From what I have observed, all religions focus on indoctrinating children from early childhood. And this is very effective too (from the perspective of the religion). A child's mind is amazing in its ability to absorb information. And moreover children rarely have critical thinking ability. The combination of these qualities make them a perfect target for indoctrination. Also, once indoctrinated, even if the child picks up critical thinking later on, it takes a lot of hard contemplation to overcome the effects. Many never find the courage to do the contemplation needed and give up.
My opinion is that children should be kept away from religious ideas till they have developed critical thinking abilities. This would reduce much of the superstition, unwholesome traditional practices, social evils, communal politics etc. But this task is hard to do. Firstly, parents are responsible for the young children and many of the parents themselves have been indoctrinated and actively or unknowingly pass it on to their children (thats why the camps exist). The other major problem is how to inculcate critical thinking in children. I am skeptical if more books and classroom lessons provide the answers needed here.
The third thing every child is taught (after saying "ma" and "papa"), is how to pray or fold your hands in front of an idol. The systemic deception is such that it becomes impossibly tough to break away from it later on.
I agree with the opinion that logic can be taught. All the argumentative fallacies must be taught too. But then again, which government will ever do that? None.
Well I have rad this all but the one thing that I want to say you that you have to play with your kids. And I am surely say that playing can be the single best way to really get to know your kids. and I also can say you that you have to trust your kids. Show them they can trust you.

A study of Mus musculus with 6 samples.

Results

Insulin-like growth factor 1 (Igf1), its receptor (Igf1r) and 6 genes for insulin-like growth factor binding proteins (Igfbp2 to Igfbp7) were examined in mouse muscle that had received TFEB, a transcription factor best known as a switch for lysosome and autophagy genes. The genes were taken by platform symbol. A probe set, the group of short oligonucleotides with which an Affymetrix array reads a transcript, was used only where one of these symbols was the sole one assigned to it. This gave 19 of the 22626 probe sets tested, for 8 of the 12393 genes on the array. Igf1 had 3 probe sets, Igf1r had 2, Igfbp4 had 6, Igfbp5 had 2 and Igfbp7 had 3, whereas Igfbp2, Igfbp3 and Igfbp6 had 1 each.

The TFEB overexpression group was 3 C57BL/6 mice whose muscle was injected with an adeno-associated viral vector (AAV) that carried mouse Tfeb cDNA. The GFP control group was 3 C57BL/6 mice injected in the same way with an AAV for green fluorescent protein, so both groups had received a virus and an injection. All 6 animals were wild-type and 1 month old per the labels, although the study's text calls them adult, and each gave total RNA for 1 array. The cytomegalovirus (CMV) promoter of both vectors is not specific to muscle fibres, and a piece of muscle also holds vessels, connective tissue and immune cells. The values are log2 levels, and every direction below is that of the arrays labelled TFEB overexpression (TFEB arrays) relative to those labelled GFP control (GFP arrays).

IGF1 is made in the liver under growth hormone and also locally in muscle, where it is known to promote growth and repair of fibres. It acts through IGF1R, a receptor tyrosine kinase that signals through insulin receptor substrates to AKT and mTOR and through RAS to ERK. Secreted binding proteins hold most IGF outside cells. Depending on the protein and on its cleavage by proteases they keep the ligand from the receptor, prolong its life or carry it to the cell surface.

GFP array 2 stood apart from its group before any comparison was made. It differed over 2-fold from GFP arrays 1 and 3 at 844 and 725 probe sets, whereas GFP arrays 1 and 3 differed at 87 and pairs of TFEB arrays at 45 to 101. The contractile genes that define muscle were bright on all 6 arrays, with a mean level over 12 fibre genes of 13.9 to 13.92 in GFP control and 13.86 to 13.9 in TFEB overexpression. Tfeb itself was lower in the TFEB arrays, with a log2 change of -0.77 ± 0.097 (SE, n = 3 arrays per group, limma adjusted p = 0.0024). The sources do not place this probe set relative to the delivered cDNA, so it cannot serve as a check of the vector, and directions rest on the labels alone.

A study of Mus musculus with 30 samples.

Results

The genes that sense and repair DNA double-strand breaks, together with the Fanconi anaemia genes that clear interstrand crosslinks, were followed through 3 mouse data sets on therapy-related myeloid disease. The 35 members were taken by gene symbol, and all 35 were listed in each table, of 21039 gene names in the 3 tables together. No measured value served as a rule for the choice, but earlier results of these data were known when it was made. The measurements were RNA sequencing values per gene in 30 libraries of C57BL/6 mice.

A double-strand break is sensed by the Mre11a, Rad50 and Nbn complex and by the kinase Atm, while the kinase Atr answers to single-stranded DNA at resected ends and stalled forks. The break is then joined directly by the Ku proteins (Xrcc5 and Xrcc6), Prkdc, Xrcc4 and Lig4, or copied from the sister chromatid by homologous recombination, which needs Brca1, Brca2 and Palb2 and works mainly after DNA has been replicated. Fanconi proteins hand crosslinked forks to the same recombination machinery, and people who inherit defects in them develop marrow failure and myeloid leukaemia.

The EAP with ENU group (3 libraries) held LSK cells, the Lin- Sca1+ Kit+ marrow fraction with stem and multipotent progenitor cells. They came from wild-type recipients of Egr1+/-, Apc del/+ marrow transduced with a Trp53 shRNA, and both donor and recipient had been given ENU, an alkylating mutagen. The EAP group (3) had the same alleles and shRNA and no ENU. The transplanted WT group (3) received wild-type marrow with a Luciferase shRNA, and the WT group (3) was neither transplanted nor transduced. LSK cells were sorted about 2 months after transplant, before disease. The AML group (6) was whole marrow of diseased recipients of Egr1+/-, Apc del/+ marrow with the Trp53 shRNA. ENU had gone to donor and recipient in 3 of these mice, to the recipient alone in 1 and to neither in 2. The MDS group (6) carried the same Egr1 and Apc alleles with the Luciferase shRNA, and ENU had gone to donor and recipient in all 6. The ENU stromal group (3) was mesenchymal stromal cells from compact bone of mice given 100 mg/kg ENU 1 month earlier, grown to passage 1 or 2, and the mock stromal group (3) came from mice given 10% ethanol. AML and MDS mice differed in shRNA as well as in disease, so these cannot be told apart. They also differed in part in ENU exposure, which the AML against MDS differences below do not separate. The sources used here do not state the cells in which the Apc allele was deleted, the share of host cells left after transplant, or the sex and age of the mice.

In Prof. Dr. Richard Dawkins' own voice:
"It's an appalling stranglehold that these archaic ideas have on (young, impressionable) minds warped since childhood (by relentless brainwashing sessions of indoctrination)"
10-Aug-2011, 01:30 AM
(This post was last modified: 10-Aug-2011, 01:30 AM by sojourner.)
"Society attacks early, when the individual is helpless. It enslaves him almost before he has tasted freedom. The 'ologies' will tell you how its done. Theology calls it building a conscience or developing a spirit of selfless. Psychology calls it the growth of the super ego."
The above is from Chapter 13 of B.F.Skinner's Walden Two.
My older son will be 27 soon. He and his best friend (SBF) are both atheists. (The best friend was a classmate for about 10 years with son.)
Even though both son his best friend are atheists, they took different routes. I brought up both my children as atheists. Son is comfortable in his skin with his lack of belief -- I think and hope. SBF's best friend is a Luteran pastor. SBF's atheism caused a lot of problems with his father -- it was a lot more painful route for him.
I once got a call from son's physics teacher, when son was in high school. Apparently the teacher had discussed something with son and was later afraid that I would complain to the school. I cannot remember what it was -- perhaps it was freethinking or perhaps it was Christianity. (I think that it was the former.) I told the teacher that I am a freethinker myself but wouldn't have any problem if the teacher had discussed Christianity with son and that I trusted son to make the right decisions and judgments. I could see the teacher being genuinely relieved.
A few years prior to this, I walked into son's room and saw him close his desk drawer in a hurry. I asked him what he was hiding. It turned out to be the Bible which a neighbor's kid had given him. I told him that I had no problem with him reading the Bible. He quickly lost interest in it after that. I was grateful that it was only the Bible and not Playboy :-)
As Penn Jillette said, the easiest way to go atheist is to read the damn bible.
"It's alright, I rarely meet anyone who's able to read it properly. Although personally, I never thought that it to be an odd of a name. Once I give people the pronunciation, they tend to remember my name by easily associating me with it. A unique face, a unique moniker."